My classes are in the process of working very hard on our economy unit as they try to figure out what the best use of $700 billion would be. It’s been an exciting project, but has also gotten me thinking about how some of the material we study in class might seem less relevant to students.
Enter Blog Action Day 2008.
The theme of this year’s Blog Action Day – a day in which thousands of different blogs write on a culturally relevant and critical topic from their own paradigm – is poverty. This is an issue that has crossed my mind and heart frequently since college. One of the main catalysts of my own personal journey has been the ONE Campaign, a global campaign committed to fighting poverty, hunger, and disease around the world, though I have also been deeply affected by WorldVision and the work they have done around the world.
But since the goal of this project is to examine the issue through my unique lens, the question I pose to myself, and to other educators is simple: how can we educate our students about the reality, the causes, and the conditions of poverty, both locally and globally?
This is a question that I will need to ponder and try to work into my reading and writing assignments. One potential project is the op-ed piece students will write later this year (again borrowed from the ingenious Penny Kittle). Perhaps having students write their op-ed piece on poverty, either local or global, would be a nice assignment.
Our school has been setting up some very nice opportunities for students to learn about this particular topic. To begin with, our school is undergoing a movement, called “Be the Change” (based on a Gandhi quote). The focus of this movement, and the club/team that spawned it, is to create a caring school community. I certainly foresee this club dealing with some of the key issues in local poverty.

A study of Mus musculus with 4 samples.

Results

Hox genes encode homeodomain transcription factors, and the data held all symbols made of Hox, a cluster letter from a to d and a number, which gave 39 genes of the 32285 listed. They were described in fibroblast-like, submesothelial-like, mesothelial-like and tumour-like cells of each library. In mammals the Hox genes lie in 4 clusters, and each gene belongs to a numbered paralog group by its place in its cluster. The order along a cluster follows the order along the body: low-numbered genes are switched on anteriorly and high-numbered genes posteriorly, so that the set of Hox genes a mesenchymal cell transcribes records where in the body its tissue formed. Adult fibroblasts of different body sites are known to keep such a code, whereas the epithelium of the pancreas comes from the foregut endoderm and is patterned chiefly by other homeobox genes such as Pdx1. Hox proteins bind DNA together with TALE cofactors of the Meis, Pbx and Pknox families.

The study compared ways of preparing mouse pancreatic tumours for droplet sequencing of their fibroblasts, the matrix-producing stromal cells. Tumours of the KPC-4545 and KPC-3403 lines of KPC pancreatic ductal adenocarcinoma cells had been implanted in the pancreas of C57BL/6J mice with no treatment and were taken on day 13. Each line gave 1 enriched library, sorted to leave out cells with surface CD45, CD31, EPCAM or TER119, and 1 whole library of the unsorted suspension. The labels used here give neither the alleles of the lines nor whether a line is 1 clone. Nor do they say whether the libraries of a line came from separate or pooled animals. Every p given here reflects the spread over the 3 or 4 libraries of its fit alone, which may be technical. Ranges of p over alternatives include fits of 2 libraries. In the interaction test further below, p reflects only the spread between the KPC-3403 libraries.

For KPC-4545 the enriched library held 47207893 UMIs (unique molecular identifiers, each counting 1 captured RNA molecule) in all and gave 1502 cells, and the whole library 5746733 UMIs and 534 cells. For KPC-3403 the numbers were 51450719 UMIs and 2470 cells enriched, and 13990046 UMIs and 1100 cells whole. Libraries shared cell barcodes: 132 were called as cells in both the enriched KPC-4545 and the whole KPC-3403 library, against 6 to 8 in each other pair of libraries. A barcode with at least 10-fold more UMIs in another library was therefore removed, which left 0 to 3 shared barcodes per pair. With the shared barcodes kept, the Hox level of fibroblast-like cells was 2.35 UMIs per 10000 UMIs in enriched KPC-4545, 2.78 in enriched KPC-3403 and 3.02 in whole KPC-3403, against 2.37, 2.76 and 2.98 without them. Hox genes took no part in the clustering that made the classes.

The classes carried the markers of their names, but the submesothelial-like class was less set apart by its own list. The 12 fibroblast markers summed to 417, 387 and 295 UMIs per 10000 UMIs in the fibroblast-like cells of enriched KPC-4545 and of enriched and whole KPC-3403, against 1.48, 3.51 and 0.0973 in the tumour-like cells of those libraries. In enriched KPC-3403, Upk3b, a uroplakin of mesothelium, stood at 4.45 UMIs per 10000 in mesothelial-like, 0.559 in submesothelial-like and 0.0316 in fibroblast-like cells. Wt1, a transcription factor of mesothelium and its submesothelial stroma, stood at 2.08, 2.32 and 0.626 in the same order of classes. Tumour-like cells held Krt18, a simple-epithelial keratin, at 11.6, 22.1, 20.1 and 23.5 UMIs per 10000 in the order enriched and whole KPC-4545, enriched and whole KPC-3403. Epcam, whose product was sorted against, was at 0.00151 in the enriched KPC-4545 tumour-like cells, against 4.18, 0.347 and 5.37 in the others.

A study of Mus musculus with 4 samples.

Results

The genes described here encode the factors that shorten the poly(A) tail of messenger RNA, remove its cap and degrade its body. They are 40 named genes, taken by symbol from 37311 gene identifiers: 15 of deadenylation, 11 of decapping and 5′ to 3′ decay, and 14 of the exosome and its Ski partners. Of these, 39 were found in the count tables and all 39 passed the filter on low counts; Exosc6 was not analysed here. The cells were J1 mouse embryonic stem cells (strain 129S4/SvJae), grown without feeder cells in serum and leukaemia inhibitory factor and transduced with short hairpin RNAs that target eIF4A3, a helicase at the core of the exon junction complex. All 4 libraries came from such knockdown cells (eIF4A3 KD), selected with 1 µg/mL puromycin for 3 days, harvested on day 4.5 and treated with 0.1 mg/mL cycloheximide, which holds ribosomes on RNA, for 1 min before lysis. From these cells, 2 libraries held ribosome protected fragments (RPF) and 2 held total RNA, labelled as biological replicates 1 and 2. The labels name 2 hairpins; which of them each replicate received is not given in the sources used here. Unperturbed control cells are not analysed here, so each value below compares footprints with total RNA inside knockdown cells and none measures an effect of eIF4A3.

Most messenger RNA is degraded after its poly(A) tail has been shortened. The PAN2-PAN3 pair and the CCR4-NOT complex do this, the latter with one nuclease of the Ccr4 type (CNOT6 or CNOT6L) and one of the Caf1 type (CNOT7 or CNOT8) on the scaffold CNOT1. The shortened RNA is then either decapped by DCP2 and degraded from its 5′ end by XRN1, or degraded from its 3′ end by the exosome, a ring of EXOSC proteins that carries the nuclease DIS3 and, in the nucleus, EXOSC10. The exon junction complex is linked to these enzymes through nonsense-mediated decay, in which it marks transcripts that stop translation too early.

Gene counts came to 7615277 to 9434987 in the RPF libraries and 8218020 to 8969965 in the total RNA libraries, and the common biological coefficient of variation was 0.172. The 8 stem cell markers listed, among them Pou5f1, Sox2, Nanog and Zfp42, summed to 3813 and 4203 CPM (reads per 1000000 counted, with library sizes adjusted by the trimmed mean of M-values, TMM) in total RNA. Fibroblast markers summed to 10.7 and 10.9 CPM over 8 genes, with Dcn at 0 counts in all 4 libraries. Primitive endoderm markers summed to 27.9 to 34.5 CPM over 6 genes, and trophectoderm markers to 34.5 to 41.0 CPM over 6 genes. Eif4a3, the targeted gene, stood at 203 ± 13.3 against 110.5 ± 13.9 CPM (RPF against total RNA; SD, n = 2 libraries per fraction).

Another opportunity our school has opened up is the O Ambassadors club (yes, the O stands for Oprah Winfrey). The focus of this club is to raise awareness and money for poverty-stricken areas around the world. Our club, which met for the first time this past Monday, will focus on western China and the poverty issues in that area.
For the students in my school, I feel like this will be a very difficult topic to teach. Many of our students are middle- to upper-class and live in a very rural area; they have little concept of the sort of poverty that exists even an hour from here, much less what global poverty looks like. Many of the students also seem to lack something that is absolutely essential in understanding and acting on poverty: empathy. I feel like any attempt to teach my students about poverty has to begin and end with empathy. The question then is simply how to encourage students to engage a topic like this with empathy, and this is a question that I certainly haven’t figured out.